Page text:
COPLEY TOWNSHIP, Ohio — A popular Summit County bridge remains closed to drivers and may not reopen for several months as the county makes plans to demolish the bridge and replace it with a culvert.
The Cleveland-Massillon Bridge over Wolf Creek, on which approximately 4,500 vehicles travel in both directions per day, closed to drivers a few weeks ago after maintenance crews noticed deterioration in its beams.
On Monday, the Summit County Council decided to approve emergency action so the bridge could be demolished. Alan Brubaker, the Summit County Engineer, said his office will also need approval from the U.S. Army Corps of Engineers.
The closure is frustrating for drivers who use the bridge regularly.
"I try not to get stressed out real easy, but it is frustrating," Silvia Reed said.
Reed said she drives from Wadsworth five days a week to work in Akron, and the closure is an inconvenience for her.
"It takes extra, probably like five to seven minutes to go the way I have to go now, and there’s a lot more traffic, so it’s kind of annoying," Reed said.
For Kelly Oschman, who lives just on the other side of the bridge in Copley, this is now something she deals with several times a day.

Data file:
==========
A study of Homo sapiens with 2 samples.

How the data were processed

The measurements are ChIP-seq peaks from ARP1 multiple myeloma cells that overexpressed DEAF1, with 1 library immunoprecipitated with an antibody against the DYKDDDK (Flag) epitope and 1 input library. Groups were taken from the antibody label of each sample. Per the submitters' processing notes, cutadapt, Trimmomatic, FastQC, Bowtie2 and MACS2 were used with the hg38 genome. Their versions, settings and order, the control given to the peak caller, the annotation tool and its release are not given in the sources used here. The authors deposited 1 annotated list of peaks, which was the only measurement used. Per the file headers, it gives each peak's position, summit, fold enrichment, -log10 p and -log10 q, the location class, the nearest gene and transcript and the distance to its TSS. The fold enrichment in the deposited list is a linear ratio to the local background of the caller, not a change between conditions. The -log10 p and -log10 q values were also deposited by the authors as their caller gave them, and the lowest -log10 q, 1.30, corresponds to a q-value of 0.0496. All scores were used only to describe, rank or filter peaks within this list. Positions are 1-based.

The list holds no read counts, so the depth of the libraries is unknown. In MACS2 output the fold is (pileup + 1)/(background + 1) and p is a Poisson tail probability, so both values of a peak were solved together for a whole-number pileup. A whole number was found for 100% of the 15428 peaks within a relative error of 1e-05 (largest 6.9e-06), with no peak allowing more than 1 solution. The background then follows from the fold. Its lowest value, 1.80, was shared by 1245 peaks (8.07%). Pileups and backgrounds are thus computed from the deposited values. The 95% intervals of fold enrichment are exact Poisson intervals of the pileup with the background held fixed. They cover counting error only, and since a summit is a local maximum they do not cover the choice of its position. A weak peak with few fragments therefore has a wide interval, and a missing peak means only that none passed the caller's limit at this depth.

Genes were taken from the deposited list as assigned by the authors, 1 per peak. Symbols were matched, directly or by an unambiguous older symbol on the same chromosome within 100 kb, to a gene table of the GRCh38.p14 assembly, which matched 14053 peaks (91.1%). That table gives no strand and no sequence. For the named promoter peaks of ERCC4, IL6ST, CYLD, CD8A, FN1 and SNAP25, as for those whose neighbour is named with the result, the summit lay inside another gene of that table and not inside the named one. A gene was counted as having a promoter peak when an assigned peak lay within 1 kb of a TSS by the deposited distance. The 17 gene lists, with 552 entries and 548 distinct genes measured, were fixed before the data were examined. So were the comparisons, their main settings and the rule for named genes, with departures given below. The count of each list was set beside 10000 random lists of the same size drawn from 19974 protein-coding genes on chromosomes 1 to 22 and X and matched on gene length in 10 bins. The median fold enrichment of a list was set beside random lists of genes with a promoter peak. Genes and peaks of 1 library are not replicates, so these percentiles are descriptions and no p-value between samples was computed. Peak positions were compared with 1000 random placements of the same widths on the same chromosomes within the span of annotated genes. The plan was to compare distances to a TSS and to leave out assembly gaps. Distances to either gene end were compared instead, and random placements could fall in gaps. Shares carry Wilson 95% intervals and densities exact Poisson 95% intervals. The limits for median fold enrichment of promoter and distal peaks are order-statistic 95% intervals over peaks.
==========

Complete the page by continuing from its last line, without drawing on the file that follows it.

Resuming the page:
"It’s a huge pain," Oschman said.
Oschman noted that her daughter plays golf just across the bridge, and that drive now takes longer.
"Just detours," Oschman said. "Taking longer to go down side streets, 25 mile an hour roads, versus this road, which is a little faster."
The county engineer's office has been making preliminary plans, talking to culvert pipe manufacturers and finding out how much it will cost to demolish the current bridge, but those plans were only preliminary until the county council approved emergency action.
Right now, Brubaker said, the cost of demolition is roughly $40,000, while the cost of the culvert that will replace the current bridge is approximately $200,000. Replacing the bridge with a new bridge would cost about $1 million, Brubaker said.
"Our schedule is to do our best to open the bridge before winter," Brubaker said, adding that the county would likely have the contractor doing demolition and the culvert installation come just once to save the county money.
While the county council's approval of emergency action saves time, Brubaker said, "There’s still time required to go through the permitting process and at least make sure we well understand what would be required by a permit."
Brubaker said his office has given notice to the Ohio Public Works Commission that it intends to ask for emergency state funding to help with the project. He said his office would not ask for separate federal funding administered by the state since the cost of the project is lower than it would be for a replacement bridge.